Leaders: Lessons in London for Scotland’s schools

When it comes to schools Sturgeon is trying to learn from others. Picture: Lisa Ferguson
When it comes to schools Sturgeon is trying to learn from others. Picture: Lisa Ferguson

First Minister Nicola Sturgeon flagged her intention to address this gap earlier this month when she unveiled plans for a new Attainment Scotland Fund. It will provide £100 million of investment over four years.

Boldly, she is looking to successful schools in London to see where lessons can be learnt. That is a major breakthrough for a mindset that for decades has rested on the past glories of Scottish education. What had we possibly to learn from other countries, and from England in particular?

But problems we have, and we need to learn from the success of schools in other deprived areas of the country to see whether these approaches can be successfully transplanted into the Scottish system.

To this end she is travelling to London to find out about a particularly impressive ground-breaking project. She is due to visit Blue Gate Fields junior school in London’s Tower Hamlets district. Ofsted inspectors recently rated the school as “outstanding” and this is also reflected in the good performance of the pupils there.

It took part in the London Challenge, introduced south of the Border in 2003 by the then Labour government with the aim of giving young people a better education. The school is now ranked in the top 20 per cent of schools in England for attainment in grammar and reading and in the top 40 per cent for maths.

Although the London Challenge directly inspired the Attainment Scotland Fund, Ms Sturgeon’s willingness to embrace ideas from outwith Scotland come with predictable
caveats: that she has “no time for some of the ideological reforms taking place in English education.”

Nevertheless, she concedes that “there are clear lessons for Scotland from the London Challenge and the efforts made to improve attainment” and that “we should be open to ideas from other parts of the UK and elsewhere to help tackle the challenges we face.”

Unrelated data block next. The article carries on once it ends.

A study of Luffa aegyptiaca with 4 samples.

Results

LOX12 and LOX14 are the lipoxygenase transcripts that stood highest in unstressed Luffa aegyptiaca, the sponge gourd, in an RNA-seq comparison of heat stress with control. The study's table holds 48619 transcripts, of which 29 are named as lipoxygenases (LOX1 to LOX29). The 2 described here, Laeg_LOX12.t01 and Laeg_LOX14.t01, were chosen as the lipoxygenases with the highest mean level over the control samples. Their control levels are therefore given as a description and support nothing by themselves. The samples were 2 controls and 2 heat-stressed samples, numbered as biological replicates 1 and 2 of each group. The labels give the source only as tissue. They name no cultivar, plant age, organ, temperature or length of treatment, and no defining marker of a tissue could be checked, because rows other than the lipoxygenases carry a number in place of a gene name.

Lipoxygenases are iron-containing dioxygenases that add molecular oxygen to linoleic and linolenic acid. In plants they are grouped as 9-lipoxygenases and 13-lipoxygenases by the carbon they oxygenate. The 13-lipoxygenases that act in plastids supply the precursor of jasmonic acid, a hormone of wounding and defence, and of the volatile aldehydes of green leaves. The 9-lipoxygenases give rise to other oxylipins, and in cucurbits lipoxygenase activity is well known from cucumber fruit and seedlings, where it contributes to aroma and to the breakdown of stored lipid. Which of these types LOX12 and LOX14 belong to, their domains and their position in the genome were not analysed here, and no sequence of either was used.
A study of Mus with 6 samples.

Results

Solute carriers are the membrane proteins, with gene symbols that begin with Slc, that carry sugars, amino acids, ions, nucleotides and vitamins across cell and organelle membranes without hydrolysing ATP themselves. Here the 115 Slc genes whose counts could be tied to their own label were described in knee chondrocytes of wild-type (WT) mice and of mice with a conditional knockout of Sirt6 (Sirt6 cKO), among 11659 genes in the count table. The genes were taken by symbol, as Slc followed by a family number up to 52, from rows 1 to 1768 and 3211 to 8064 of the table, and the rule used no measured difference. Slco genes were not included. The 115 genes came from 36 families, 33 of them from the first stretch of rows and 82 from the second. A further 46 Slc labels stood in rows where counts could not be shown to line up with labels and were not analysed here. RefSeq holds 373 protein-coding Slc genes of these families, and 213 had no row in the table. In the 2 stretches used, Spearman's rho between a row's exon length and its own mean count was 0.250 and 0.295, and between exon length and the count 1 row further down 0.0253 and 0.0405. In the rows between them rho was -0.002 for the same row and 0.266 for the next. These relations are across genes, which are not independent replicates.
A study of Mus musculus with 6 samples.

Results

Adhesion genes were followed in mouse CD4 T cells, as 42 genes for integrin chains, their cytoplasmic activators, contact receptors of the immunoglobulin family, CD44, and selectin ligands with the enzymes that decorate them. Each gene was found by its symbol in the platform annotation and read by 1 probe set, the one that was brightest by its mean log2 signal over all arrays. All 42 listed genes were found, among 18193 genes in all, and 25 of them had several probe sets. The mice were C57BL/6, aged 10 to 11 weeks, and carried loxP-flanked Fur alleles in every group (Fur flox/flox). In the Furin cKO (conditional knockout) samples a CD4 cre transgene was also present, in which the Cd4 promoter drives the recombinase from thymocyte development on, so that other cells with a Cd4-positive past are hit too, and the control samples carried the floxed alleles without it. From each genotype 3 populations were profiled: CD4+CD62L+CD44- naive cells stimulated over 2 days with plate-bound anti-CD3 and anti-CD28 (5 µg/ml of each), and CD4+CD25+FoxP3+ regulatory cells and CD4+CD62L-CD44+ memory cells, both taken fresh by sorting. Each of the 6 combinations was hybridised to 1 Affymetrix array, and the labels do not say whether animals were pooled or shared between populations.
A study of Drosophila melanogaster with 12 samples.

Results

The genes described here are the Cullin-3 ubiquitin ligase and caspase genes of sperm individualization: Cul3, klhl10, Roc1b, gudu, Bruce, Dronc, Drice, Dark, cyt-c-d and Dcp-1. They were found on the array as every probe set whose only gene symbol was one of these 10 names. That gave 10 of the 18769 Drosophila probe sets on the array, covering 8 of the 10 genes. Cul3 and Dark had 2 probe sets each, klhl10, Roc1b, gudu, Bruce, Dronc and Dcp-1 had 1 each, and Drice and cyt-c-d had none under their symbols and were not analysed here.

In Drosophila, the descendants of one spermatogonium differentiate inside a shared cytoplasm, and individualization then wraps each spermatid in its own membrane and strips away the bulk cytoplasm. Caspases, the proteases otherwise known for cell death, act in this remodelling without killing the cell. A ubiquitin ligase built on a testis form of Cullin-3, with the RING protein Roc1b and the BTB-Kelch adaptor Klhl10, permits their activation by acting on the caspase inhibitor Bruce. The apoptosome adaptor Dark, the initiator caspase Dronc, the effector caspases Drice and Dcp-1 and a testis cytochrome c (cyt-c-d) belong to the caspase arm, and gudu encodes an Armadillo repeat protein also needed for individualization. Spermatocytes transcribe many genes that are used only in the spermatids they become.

While the administration continues to extol the virtues of the Curriculum for Excellence, the difficulty in measuring improvement continues to cast doubt on how effective it is really proving. And would her predecessor Alex Salmond have made a similar visit to a London school?

Many will see in her visit today a clear sign of a different and more open approach. It is one wholly to be welcomed for the example it sets: if reforms can work in a challenged and disadvantaged area such as Tower Hamlets, it should surely inspire similar endeavour here.

Confidence tempered by hard lesson

It could be hailed as the first sign of the return of the Feel Good Factor: consumer confidence in spending is recovering after years of pinched budgets.

A study by Lloyds Bank finds that household confidence in spending has risen to its highest point in four years. The bank’s monthly Spending Power report finds that people are forking out almost one per cent less on essentials than they were a year ago.

But a spending and borrowing bonanza? Hardly. More than half those surveyed said that they had cut back on spending since the start of January after Christmas, and one in four are using a discount supermarket.

There’s little doubt that the surprising strength in overall employment coupled with the effects of lower energy prices and a low inflation rate have helped to improve the budgets of millions of households. But after years of cutbacks it would be truly remarkable if this were not the case by now. Many households are still deep in debt. And there is a notable mood of caution about the evidence of improvement in spending power.

Memories are still raw of the recession and the long period of stagnation before there was any real sign of recovery.

And despite recent signs that we may be in for a period of falling prices, many are apprehensive about how long the era of ultra-low interest rates – and mortgage costs – will last.

It is heartening that spending confidence is returning. But perhaps the news that gives the greater reassurance is that we remain keenly aware of how long it has taken to recover to this point – and that borrowing must never again get out of hand.